There is a constant debate about a contract of service and a contract for services. While the difference in that phrase is a mere exchange of words of, “of” and “for”, there is a huge difference in the meaning.
Briefly, a contract of service is an agreement (whether orally or in writing) binding on parties who are commonly referred to as “employer” and “employee”. For example, a customer service consultant working in a telecommunications company. However, it is still important to look at the terms of the contract to determine the type of contract.
In contrast, a contract for services, such a contract refers to a relationship akin to an agency. Generally, a person engaged via a contract for services is not an employee. For example, a property agent who helps to sell your house.
However, sometimes it is difficult to distinguish between a contract of service and a contract for services as Lord Denning in Stevenson, Jordan & Harrison Ltd v Macdonald & Evans Ltd  1 TLR 101, puts it, “it is often easy to recognise a contract of service when you see it, but difficult to say wherein the difference lies”.
The distinction between a “contract of service” and a “contract for services” is vital in determining an individual’s legal position. Only an employee under a contract of service will be entitled to invoke the jurisdiction of the Industrial Court in the event where his rights under the statute had been violated by the employer. If not, the claimant can only seek remedy for a breach of contract in a Civil Court.
The distinction is crucial as it determines the statutory protection that applies as well as the rights and remedies that can be claimed under the different courts.
Before a person can bring an action at the Industrial Court, for example, under s.20 of the Industrial Relations Act (IRA) 1967, a person has to be qualified as a workman before he can make a claim to be reinstated in his former employment for dismissal without just cause or excuse.
The term “workman” is defined under the Act as “any person, including an apprentice, employed by an employer under a contract of employment to work for hire or reward and for the purposes of any proceedings in relation to a trade dispute includes any such person who has been dismissed, discharged or retrenched or in connection with or as a consequence of that dispute or whose dismissal, discharge or retrenchment has led to that dispute”.
The judgment of Chang Min Tat FJ in Federal Court in Dr A Dutt v Assunta Hospital  1 MLJ 304 ruled that the term “workman” is to be interpreted liberally and flexibly. The question of whether an individual is a “workman” or not for the purposes of the Act is a mixed question of fact and law and it is for the Industrial Court to determine this question. Further, the Federal Court held that the label attached to the workman is irrelevant, it is the functions and duties of the particular workman that was discharged and the purpose of the engagement which is important.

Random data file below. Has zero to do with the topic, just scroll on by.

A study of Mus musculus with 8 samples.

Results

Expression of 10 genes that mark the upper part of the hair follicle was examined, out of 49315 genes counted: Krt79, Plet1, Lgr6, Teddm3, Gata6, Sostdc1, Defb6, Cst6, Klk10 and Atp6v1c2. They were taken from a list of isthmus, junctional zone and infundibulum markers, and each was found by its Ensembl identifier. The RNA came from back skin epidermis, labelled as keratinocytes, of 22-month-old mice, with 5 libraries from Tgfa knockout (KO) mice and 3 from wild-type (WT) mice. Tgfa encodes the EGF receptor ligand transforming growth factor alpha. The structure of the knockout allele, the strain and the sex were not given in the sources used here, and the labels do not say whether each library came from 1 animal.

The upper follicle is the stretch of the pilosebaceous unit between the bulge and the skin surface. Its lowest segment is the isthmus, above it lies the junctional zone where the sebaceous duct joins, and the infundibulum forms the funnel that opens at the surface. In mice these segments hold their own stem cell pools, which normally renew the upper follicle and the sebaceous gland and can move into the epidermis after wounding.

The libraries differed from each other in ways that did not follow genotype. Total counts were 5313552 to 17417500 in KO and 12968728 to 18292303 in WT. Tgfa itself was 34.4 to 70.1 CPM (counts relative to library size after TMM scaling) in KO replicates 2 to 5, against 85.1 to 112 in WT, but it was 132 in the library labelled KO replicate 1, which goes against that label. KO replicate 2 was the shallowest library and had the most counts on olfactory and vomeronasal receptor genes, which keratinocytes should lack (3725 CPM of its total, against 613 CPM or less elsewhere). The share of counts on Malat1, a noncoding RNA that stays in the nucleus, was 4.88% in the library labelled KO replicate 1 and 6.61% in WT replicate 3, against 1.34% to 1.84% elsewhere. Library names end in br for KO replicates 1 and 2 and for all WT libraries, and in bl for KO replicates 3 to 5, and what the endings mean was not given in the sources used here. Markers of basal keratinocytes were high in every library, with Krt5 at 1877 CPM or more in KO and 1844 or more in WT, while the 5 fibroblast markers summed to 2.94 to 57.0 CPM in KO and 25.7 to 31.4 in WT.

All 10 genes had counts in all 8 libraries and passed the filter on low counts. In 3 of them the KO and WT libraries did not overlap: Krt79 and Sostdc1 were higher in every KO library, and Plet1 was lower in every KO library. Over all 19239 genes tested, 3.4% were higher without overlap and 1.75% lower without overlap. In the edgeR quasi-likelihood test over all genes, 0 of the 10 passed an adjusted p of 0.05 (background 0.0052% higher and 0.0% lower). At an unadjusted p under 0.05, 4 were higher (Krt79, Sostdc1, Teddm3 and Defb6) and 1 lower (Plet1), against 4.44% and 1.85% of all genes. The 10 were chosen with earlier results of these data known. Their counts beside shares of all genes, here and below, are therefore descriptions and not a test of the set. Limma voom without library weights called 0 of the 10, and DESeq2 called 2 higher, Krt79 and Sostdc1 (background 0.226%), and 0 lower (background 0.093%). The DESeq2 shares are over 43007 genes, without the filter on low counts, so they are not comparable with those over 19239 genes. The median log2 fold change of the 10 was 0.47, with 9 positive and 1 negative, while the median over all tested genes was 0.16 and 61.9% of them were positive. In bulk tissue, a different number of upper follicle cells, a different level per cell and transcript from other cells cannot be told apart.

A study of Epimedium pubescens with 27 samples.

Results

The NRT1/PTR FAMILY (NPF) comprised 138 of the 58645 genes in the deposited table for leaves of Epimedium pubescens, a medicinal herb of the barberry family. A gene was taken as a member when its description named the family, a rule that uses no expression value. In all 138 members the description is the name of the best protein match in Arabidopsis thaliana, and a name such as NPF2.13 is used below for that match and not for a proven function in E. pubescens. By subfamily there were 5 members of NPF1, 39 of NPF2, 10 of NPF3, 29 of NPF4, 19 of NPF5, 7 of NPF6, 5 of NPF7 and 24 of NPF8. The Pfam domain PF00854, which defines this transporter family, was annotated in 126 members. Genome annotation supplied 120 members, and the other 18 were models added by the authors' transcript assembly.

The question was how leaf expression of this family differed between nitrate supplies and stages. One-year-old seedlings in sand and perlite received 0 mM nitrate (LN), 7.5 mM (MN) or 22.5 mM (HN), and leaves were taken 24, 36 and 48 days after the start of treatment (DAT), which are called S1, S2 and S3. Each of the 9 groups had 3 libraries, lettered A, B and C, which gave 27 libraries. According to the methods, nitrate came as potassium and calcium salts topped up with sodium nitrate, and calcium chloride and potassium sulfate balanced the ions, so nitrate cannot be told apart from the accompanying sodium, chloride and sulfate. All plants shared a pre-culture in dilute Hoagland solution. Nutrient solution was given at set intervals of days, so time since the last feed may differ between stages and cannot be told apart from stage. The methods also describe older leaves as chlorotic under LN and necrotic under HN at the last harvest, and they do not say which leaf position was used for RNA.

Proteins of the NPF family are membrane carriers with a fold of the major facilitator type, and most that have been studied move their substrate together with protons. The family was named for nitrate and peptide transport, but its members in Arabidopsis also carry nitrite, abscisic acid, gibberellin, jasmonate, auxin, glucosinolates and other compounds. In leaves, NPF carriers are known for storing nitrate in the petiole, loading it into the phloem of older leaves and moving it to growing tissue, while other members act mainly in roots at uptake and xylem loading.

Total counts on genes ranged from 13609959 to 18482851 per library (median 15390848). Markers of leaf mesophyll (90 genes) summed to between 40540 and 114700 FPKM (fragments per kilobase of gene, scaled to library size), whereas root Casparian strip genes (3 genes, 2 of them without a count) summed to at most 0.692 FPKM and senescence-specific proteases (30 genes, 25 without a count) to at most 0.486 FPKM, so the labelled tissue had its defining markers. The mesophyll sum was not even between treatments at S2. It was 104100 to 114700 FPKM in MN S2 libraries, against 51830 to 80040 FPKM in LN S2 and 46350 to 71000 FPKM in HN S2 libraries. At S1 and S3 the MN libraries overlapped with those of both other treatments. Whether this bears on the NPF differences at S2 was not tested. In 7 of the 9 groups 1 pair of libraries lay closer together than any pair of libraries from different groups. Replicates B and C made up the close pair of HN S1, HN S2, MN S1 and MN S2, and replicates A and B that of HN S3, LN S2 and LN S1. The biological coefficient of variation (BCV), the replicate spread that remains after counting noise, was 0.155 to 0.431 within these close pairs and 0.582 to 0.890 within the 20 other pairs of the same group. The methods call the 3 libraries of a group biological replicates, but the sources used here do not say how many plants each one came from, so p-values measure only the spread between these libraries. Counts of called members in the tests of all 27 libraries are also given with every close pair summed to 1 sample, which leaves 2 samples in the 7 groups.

Another way to determine whether a contract is one of service or for services is explained by the Federal Court in Hoh Kiang Ngan v Mahkamah Perusahaan Malaysia & Anor  4 CLJ 687, where Gopal Sri Ram JCA stated that the degree of control, also known as the Control Test, of which an employer exercises over a claimant is an important factor. The more control that is being exercised over the individual by the employer, the more likely the worker is an employee of the company. His Lordship further stated that “however, this may not be the sole measure. The terms of the contract between the parties must first be ascertained in order to determine the nature of the latter’s duties and functions”.
The next test is the Integration Test, a principle which was introduced by Lord Denning in Stevenson, Jordan & Harrison Ltd (supra). The test was whether the work being performed under the contract is integral to the operation of the business structure as a whole, or it is only works on the side of the main business. In this case, it was stated that an employee is a person who is integrated with others in the work place or business even though the employer does not necessarily exercise a detailed control over what the employee does.
In a very recent case of J Mathew Miranda v Bahtera Glokal Sdn Bhd  1 ILR, the claimant claimed that he has been constructively dismissed without just cause or excuse by the company. However, the company contended that the claimant was not an employee of the company, thus not falling within the meaning of “workman” under s.20(1) of the 1967 Act. The burden then falls on the claimant to prove that he is indeed an employee of the company before the issue of constructive dismissal can be assessed by the court. The company exercised little or no control over the claimant as the latter was free to come into and out of the office as he liked. Also, the claimant failed to prove that he was a workman under the Act as, inter alia, there was no evidence from the claimant of the requirement for him to observe the working hours of the company as what regular employees must do. Furthermore, there was no evidence offered by the claimant that his works were integrated into the business. Thus, the claimant’s claim of constructive dismissal was dismissed.
Effectively the difference between contract of service and contract for services boils down to the factual difference on the engagement of the working person. Factors revolving around the control and regulation of the working person, operation of statutory provisions and interpretations of such provisions by the courts, will determine whether a person is engaged for his/her services, or engaged by way of a contract of service.
Watch out for the Second Part of this short article where we will apply the rules to certain hypothetical situations.